On the shore dimly seen through the mists of the deep,
Where the foe’s haughty host in dread silence reposes,
What is that which the breeze, o’er the towering steep,
As it fitfully blows, half conceals, half discloses?
Now it catches the gleam of the morning’s first beam,
In full glory reflected now shines in the stream:
‘Tis the star-spangled banner, O! long may it wave
O’er the land of the free and the home of the brave.
The Star-Spangled Banner (second verse), Francis Scott Key
Oh sure, the world looks at we, the bloggerati, and just sees the obvious glory. But let me tell you something: blogging is more than just lavish parties, sleazy hangers-on, “making it rain,” and bath salt benders–it’s hard work! Why, who do you think is out of the house at 10 a.m. on a Sunday morning, gears cranking while sunlight warms his wind-tousled hair, obsessively searching high and low* for the next breaking story? Not you–I’ll tell you that much. Why, you’re probably doing something fun and relaxing while getting some light aerobic exercise! And who’s working his index fingers to mere nubs hunt-and-pecking to research the national anthem while you sit on your keister and surf the Internet? This is the cross we bloggers bear.
Of the many rewards blogging provides, the excuse to look up odd reference points like the verses of our national anthem is one that goes unheralded–un-spangled, if you will. Reading the full set of lyrics (there are four original verses written by Francis Scott Key, plus one more added by Oliver Wendell Holmes during the Civil War), it’s nice to see that the song actually has some real heart and poetry to it.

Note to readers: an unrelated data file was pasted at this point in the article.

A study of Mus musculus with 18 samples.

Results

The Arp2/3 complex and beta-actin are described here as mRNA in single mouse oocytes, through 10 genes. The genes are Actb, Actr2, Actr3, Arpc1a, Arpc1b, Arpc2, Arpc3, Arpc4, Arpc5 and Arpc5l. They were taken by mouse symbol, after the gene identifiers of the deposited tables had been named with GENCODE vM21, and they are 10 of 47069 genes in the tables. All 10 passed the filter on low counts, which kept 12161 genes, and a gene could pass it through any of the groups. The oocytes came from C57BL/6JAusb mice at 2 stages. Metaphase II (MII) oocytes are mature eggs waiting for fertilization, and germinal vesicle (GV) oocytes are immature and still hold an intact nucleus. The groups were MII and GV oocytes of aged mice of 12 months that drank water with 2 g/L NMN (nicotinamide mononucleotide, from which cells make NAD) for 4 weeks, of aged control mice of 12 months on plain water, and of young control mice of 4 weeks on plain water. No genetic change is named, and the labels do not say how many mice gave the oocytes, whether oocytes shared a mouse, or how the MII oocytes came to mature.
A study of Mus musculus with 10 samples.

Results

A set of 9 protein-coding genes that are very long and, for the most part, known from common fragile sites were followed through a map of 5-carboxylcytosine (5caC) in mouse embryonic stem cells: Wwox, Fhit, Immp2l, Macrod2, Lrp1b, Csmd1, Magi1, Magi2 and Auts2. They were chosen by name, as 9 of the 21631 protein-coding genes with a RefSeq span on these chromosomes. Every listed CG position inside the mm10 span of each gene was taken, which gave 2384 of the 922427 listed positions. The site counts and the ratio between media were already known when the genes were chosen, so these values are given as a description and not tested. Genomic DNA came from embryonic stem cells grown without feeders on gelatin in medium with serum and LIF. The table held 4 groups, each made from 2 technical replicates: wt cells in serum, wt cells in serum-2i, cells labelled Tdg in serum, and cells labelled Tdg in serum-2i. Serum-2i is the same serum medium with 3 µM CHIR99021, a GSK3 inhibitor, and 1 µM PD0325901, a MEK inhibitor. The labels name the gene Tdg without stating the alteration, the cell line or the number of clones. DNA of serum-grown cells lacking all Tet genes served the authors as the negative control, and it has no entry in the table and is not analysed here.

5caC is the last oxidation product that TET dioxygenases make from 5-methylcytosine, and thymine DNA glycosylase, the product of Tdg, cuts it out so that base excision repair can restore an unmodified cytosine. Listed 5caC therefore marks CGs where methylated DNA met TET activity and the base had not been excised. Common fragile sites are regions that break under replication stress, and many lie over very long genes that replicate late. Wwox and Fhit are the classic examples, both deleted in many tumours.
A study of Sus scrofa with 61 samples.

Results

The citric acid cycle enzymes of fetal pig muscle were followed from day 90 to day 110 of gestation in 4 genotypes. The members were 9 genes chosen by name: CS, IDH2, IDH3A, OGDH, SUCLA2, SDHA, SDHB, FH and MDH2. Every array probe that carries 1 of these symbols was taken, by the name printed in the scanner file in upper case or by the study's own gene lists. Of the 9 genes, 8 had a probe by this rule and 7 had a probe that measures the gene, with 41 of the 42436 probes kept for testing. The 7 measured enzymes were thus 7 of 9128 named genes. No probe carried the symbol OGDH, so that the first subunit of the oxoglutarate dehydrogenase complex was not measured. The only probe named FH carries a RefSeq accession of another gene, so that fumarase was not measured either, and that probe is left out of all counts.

It’s quite a lovely and unexpected bit of verse from a tune that is, at best, overplayed, and at worst, a nail-biting one-two of plodding drudgery preceding the inevitable scene-chewing high wire act in the penultimate line. The song (and each verse in its full form) has a Sunday morning coming down conclusion in the good-on-paper, but now tainted-by-jingoism cliché The land of the free and the home of the brave.
The American flag can be a lot to take in–both visually and symbolically. It’s not the most aesthetically-rewarding vehicle out there, but we prattled on enough about this in last year’s flag post. What is exciting is how many citizens choose to construct their own versions of the flag. Here we see them painted on wood, built from shipping pallets, recycled from the lathe of a plaster wall, as a mural over a parking lot, and fixed into a waving position in the chain link fence by a steel mill. Donald Trump would have us believe that America is no longer great, but it’s pretty obvious that plenty of Americans still feel like there’s something to celebrate.
* At least, everywhere along the bicycle trails.